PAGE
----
Report highlights the work of the Portland Neighborhood Emergency Team program in 2014.
In the aftermath of disasters such as earthquakes, more than 90 percent of persons rescued are not rescued by police officers, EMTs, or firefighters. They are rescued by their neighbors.
Since June of 1994, the Portland Neighborhood Emergency Team (NET) program has trained 2,519 volunteers to safely protect lives and property in their communities in the wake of a major disaster. After a catastrophe such as a Cascadia Subduction Zone earthquake, NET volunteers will conduct search and rescue operations, triage and treat injuries, and shut off compromised utilities until professionals can arrive on the scene.
The following report showcases the work of the NET program in 2014. Highlights include:
- 14,402 reported volunteer hours (up 59% from 2013);
- 135 new NET volunteers;
- 8 NET deployments (total of 610 volunteer hours);
- 6 large advanced training events, with over 600 total classroom seats;
- Community outreach to over 14,000 people;
- Publication of the NET Diversity Report;
- Holding basic NET training in neighborhoods;
- Completions of the program's first team Operations Plans; and
- Criminal records checked on 100% of active volunteers.
Click here to read the full report.
Highlights from the results of a survey and two community workshops asking how the public would respond to emergency alerts during a large-scale evacuation.
Earlier this year, we asked for your feedback to help improve how the City of Portland issues emergency alerts in the rare event of a large-scale evacuation. We ending up hearing from 411 Portlanders through an online survey and two community workshops.
One of several tools we may use during an evacuation is the PublicAlerts system, which can send a message with an urgent safety warning to landline phones, mobile phones and email addresses. The one catch is that although the system already has most landline numbers, you must register your mobile phone and email address at www.publicalerts.org to get the alerts.
The survey and workshops asked how people may respond after being contacted by PublicAlerts. Here’s what we learned from the responses…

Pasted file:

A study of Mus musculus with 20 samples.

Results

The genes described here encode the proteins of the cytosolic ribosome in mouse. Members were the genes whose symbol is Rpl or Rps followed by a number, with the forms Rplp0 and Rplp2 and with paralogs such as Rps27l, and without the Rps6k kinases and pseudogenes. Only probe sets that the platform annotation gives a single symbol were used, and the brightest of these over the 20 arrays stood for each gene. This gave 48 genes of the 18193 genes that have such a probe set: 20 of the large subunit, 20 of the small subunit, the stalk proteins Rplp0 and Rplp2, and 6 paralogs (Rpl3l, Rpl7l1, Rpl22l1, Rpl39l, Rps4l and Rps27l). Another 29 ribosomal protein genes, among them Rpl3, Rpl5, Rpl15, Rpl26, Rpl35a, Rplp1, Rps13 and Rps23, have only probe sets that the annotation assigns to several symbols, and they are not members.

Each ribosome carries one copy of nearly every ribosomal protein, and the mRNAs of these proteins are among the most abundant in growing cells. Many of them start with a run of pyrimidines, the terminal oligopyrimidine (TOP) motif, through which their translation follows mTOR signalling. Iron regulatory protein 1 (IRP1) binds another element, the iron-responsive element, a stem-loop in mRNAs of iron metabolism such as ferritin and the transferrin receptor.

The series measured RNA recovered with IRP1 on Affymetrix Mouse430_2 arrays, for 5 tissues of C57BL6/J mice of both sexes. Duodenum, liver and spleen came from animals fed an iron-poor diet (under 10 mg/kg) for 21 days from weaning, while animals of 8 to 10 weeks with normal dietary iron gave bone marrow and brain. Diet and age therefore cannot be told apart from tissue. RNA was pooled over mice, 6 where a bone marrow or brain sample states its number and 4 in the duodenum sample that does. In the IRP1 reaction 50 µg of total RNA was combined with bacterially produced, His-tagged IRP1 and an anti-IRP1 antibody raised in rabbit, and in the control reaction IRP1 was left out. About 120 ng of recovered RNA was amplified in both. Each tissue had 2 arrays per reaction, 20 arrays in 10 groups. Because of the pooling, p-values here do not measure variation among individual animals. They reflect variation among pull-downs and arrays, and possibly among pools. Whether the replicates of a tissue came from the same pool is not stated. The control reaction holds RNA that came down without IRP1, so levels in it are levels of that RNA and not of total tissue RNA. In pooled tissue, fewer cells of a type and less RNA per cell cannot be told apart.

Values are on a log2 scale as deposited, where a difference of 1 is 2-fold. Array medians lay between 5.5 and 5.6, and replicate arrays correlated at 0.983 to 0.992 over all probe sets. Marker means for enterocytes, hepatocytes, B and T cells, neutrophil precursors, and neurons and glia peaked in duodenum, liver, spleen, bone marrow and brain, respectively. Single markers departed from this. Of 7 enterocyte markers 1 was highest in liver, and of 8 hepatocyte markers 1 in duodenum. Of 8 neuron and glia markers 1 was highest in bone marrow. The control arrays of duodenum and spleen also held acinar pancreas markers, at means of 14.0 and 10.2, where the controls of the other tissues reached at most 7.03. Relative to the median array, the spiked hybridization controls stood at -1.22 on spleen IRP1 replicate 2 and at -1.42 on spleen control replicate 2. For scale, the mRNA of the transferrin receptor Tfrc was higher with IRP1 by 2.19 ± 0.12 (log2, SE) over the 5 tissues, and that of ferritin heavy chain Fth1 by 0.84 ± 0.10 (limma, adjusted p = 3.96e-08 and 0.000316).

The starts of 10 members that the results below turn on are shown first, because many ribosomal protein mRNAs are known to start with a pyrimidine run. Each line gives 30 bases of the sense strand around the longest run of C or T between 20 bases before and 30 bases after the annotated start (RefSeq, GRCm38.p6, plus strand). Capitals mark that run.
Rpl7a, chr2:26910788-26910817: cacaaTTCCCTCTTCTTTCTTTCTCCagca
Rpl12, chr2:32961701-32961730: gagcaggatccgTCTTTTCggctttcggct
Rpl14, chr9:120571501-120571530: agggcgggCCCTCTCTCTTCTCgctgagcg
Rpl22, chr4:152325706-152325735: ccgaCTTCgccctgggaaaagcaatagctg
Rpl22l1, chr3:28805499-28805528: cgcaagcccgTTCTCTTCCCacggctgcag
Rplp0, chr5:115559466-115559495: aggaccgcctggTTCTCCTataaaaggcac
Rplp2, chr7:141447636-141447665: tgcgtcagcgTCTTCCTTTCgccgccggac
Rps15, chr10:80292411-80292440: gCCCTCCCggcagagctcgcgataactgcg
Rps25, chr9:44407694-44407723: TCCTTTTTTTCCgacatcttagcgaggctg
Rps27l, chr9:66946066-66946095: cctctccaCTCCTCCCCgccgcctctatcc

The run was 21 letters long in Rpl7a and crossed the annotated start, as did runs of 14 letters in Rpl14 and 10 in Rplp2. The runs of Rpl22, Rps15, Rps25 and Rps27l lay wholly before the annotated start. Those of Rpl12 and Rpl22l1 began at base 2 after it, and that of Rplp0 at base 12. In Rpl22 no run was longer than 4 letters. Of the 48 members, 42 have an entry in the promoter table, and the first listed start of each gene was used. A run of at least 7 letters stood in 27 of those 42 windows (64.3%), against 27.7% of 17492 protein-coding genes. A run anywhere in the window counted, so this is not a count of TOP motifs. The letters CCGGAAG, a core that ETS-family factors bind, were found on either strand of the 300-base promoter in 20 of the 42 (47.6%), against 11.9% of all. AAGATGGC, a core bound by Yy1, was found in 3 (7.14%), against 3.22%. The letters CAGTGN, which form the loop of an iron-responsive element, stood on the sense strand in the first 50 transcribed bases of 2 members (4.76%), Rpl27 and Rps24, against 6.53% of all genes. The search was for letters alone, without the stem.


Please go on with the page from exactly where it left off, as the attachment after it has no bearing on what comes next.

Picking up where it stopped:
- Most people (78%) would not answer a phone call from an unknown number.
- About 50% would listen to a voice message from an unknown number right away.
- Upon receiving an evacuation message on their landline, 56% would immediately leave the area. Over 44% would seek confirmation from another source, such as TV or radio, before evacuating.
- Approximately 75% of those responding would immediately notice and check a text message.
- Some indicated they wanted to know exactly how far they would need to evacuate, and whether or not they should bring their pets.
Here’s what we plan to do with the results…
- Suggest anyone signing up at www.publicalerts.org save the number (503) 823-3947 in their mobile phone as “PublicAlerts.” By doing this, future alerts will no longer appear to be coming from an unknown number.
- Continue to promote PublicAlerts registration, especially for mobile phones. Text messages tend to reach people much faster than messages going to landline phones, and are more likely to be read quickly.
- Work with Portland’s public safety responders to develop common language to use when sending out a press release about an evacuation, especially regarding how far to evacuate and safety instructions for pets.
And here’s what you can do (if you haven’t already)…
- Sign up at www.publicalerts.org to receive future emergency alert messages.
- If you previously signed up for PublicAlerts, save the number (503) 823-3947 in your mobile phone.
News story posted to oregonlive.com May 19, 2015.
News story posted to OPB.org May 17, 2015.
News story posted to opb.org May 14, 2015.